While there are plenty of apps out there promising to make my life as a nurse practitioner easier, once downloaded to my phone they go largely unused. Rarely do I calculate pediatric dosages with special programs, rather I go straight for pen and paper. I don’t check apps streaming medical news- the last thing I want to do after work is be inundated with more information from the world of medicine. But, this week I stumbled across a true winner in the healthcare app world. PingMD, an app that facilitates patient-provider texting offers real value to NPs.
When I heard about the new PingMD app, I was thrilled that someone had finally come up with a way to bring patient-provider communication into the 21st century. The medical world is notoriously behind technologically and I was excited by the prospect of weaving my favorite form of communication, texting, in with my work. So, I decided to contact the app’s creator, neurosurgeon Dr. Gopal Chopra, to get the story behind PingMD. Here’s what he had to say about bringing texting to the patient-provider relationship.
What inspired you to develop a way for providers and patients to text?
Dr. Chopra explains that his wife is a pediatrician who initially sparked his idea for the texting app. She described what she saw as “spillover”. Office visits with patients are getting shorter and shorter. When patients don’t retain the information they get from visiting their healthcare provider, or are unable to reach them during a time of need, they end up in the emergency department. If she had known about the patient’s problem, Dr. Chopra feels that she could have prevented the patient from going to the emergency room, and probably answered their question or given them direction for their medical problem in just a few seconds. But, without an easy way to communicate, she is unable to avert unnecessary emergency department visits.
Dr. Chopra also describes the experience in his own clinic. The nurse practitioner in Dr. Chopra’s neurosurgery office takes about 80 percent of patient call. He describes that it only takes this NP about 30 seconds to decide the best course of action for the patient. The problem with patient-provider communication isn’t that providers don’t know the best course of action for their patients, its the communication system that’s broken. PingMD, Dr. Chopra’s new app solves this problem.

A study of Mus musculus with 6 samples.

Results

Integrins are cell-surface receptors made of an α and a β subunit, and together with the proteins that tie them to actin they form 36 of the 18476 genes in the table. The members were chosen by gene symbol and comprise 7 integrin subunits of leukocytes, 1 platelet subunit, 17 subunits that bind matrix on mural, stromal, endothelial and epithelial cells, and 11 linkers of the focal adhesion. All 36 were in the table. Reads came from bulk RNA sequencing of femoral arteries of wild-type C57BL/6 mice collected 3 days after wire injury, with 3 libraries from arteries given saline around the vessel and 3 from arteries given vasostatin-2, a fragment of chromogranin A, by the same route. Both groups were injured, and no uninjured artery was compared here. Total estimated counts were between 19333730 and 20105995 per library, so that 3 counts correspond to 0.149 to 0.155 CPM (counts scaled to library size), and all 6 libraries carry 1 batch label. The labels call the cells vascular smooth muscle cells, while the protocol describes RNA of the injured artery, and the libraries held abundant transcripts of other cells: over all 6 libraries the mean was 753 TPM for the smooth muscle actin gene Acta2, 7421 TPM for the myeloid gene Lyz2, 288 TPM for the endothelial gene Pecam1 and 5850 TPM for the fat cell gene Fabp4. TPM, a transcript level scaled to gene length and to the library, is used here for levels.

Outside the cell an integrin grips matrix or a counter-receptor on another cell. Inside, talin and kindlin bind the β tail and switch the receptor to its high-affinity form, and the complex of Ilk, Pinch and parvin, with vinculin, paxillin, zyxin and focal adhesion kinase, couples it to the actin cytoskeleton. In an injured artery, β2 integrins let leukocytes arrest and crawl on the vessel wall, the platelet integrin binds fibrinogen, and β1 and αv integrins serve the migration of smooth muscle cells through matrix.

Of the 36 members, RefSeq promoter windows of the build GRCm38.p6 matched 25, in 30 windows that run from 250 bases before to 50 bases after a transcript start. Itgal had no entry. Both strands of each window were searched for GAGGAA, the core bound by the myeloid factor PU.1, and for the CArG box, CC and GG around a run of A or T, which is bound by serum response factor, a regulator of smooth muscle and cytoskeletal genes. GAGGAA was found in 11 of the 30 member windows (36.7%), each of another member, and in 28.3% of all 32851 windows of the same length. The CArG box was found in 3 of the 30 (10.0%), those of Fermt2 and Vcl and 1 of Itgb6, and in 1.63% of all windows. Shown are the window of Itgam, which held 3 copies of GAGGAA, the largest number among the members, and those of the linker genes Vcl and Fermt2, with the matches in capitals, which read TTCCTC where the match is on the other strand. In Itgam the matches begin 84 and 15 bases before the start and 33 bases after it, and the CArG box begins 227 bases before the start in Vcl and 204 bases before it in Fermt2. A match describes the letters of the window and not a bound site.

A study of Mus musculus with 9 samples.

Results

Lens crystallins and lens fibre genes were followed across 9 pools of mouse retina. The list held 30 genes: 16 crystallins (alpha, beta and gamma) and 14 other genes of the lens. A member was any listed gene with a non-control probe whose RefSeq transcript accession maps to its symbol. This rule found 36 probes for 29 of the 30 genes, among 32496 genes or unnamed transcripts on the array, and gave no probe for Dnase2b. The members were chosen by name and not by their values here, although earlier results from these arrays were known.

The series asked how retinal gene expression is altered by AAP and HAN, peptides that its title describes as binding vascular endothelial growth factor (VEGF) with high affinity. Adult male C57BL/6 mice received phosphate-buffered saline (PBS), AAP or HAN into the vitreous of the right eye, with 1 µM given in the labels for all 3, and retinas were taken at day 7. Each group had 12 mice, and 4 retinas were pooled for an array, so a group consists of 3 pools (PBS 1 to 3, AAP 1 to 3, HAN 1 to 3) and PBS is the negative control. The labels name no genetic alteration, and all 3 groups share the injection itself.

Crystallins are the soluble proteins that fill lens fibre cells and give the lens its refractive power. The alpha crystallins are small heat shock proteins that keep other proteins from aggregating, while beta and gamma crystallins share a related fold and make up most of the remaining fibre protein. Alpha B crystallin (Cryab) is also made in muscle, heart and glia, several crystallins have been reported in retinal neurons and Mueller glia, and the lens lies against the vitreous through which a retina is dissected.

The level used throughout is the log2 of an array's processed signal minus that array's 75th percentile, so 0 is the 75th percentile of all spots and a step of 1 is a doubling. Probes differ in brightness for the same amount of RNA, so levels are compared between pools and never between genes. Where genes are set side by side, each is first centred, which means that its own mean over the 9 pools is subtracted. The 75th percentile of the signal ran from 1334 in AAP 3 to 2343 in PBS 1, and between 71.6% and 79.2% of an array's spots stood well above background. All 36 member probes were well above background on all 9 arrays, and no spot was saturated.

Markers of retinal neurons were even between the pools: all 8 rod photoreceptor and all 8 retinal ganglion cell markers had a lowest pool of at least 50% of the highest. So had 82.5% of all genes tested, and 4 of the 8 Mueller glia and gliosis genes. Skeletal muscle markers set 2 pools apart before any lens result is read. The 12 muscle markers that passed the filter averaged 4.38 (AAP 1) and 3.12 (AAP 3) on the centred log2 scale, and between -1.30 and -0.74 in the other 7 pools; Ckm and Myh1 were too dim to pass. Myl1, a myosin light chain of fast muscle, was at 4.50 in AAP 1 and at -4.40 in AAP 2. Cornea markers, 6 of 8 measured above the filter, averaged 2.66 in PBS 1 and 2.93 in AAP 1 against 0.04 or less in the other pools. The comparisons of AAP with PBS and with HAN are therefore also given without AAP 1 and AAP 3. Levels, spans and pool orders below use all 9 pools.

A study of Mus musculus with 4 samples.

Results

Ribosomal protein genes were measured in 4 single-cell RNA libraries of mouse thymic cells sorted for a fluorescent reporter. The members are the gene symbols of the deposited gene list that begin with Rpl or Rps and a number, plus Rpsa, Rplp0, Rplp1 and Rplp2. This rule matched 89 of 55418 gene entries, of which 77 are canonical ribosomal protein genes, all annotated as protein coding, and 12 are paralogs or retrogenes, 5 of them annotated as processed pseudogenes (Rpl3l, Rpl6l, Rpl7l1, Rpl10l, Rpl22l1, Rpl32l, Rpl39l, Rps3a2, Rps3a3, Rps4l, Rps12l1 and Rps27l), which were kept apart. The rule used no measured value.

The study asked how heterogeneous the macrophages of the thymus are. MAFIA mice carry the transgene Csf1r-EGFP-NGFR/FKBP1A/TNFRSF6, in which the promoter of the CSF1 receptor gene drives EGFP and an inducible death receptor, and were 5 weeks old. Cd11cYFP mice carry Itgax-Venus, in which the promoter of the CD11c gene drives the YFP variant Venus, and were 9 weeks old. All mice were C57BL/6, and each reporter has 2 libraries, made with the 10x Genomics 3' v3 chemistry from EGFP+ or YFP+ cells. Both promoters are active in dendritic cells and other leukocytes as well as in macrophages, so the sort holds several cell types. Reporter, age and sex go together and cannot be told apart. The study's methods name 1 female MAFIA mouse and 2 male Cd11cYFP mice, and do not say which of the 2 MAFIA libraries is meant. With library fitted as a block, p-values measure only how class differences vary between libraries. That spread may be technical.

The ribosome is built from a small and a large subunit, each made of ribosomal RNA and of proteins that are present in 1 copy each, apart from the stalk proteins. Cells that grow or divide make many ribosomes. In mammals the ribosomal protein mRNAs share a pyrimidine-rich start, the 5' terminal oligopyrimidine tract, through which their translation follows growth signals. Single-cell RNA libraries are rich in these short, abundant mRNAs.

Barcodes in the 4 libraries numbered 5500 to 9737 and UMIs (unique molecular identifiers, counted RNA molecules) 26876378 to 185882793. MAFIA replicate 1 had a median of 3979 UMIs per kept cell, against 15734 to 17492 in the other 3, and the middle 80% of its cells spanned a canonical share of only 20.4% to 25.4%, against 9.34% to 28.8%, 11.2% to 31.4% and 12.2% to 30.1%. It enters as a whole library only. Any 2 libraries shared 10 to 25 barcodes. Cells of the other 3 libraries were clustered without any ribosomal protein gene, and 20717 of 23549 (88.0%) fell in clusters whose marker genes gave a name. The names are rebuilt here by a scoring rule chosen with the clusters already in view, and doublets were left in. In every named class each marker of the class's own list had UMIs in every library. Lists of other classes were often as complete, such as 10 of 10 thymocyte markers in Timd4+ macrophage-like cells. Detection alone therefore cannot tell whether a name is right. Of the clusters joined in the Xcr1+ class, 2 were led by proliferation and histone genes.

We all know HIPAA is a major barrier to streamlining patient-provider communication. Does PingMD comply with HIPAA?
When I ask this question, Dr. Chopra brings up an excellent point. In order for communication to be secure, it must do so from both the patient and provider’s end. This is why texting between patients and providers can be difficult. Even if the provider’s phone is secure, the patient’s phone may not have necessary privacy and security measures in place. The PingMD app addresses this issue.
PingMD complies with HIPAA regulations through password protection, requiring authentication and encrypting stored information on the end of the patient and provider.
How much does PingMD cost patients? Providers?
PingMD creates obvious value for medical practices, so I decide to get to the bottom-line asking Dr. Copra about pricing. I’m shocked by his reply. The PingMD app is free! Both healthcare providers and patients are welcome to create PingMD accounts free of charge and begin texting.
PingMD does charge for one service. The app has the ability to integrate with electronic medical records recording the text conversation in the patient’s personal medical record. This saves you as a provider from going back to record the conversation later, well worth the expense.
Most providers don’t like taking calls from patients after-hours. Isn’t allowing your patients to text you even more intrusive to your private life?
I think I have thrown Dr. Chopra a zinger here. During my time working as a primary care nurse practitioner, I dreaded hearing my work phone ring. It meant a slough of work to follow. First, I would talk with the patient, then possibly call a medication in to the pharmacy, followed by opening my laptop to record the interaction…on a Saturday evening. I imagine that by making communication easier, communicating with patients will require even more of my weekend time. Quickly, I see that I am mistaken.
Dr. Chopra explains that texting patients makes being on-call a more palatable prospect. Rather than interrupting your day to answer the phone, PingMD allows you to answer a patient’s questions with a simple text message. If your practice pays for PingMD, this message is then integrated into the patient’s health record eliminating the need to record the interaction. Texts from patients using PingMD are confined within the app keeping your personal and work-related texts separate. Overall, texting is a more efficient, less invasive way to communicate with your patients than phone.
How have providers seen PingMD improve their practice?
Dr. Chopra says providers of all backgrounds, from primary care to anesthesiology clinics love to ping. Not only does it make communication with patients easier on the provider-side, it also increases patient satisfaction. Sounds like a win-win situation.
The idea behind Ping MD is simple, but seamless patient-provider texting just might revolutionize your practice.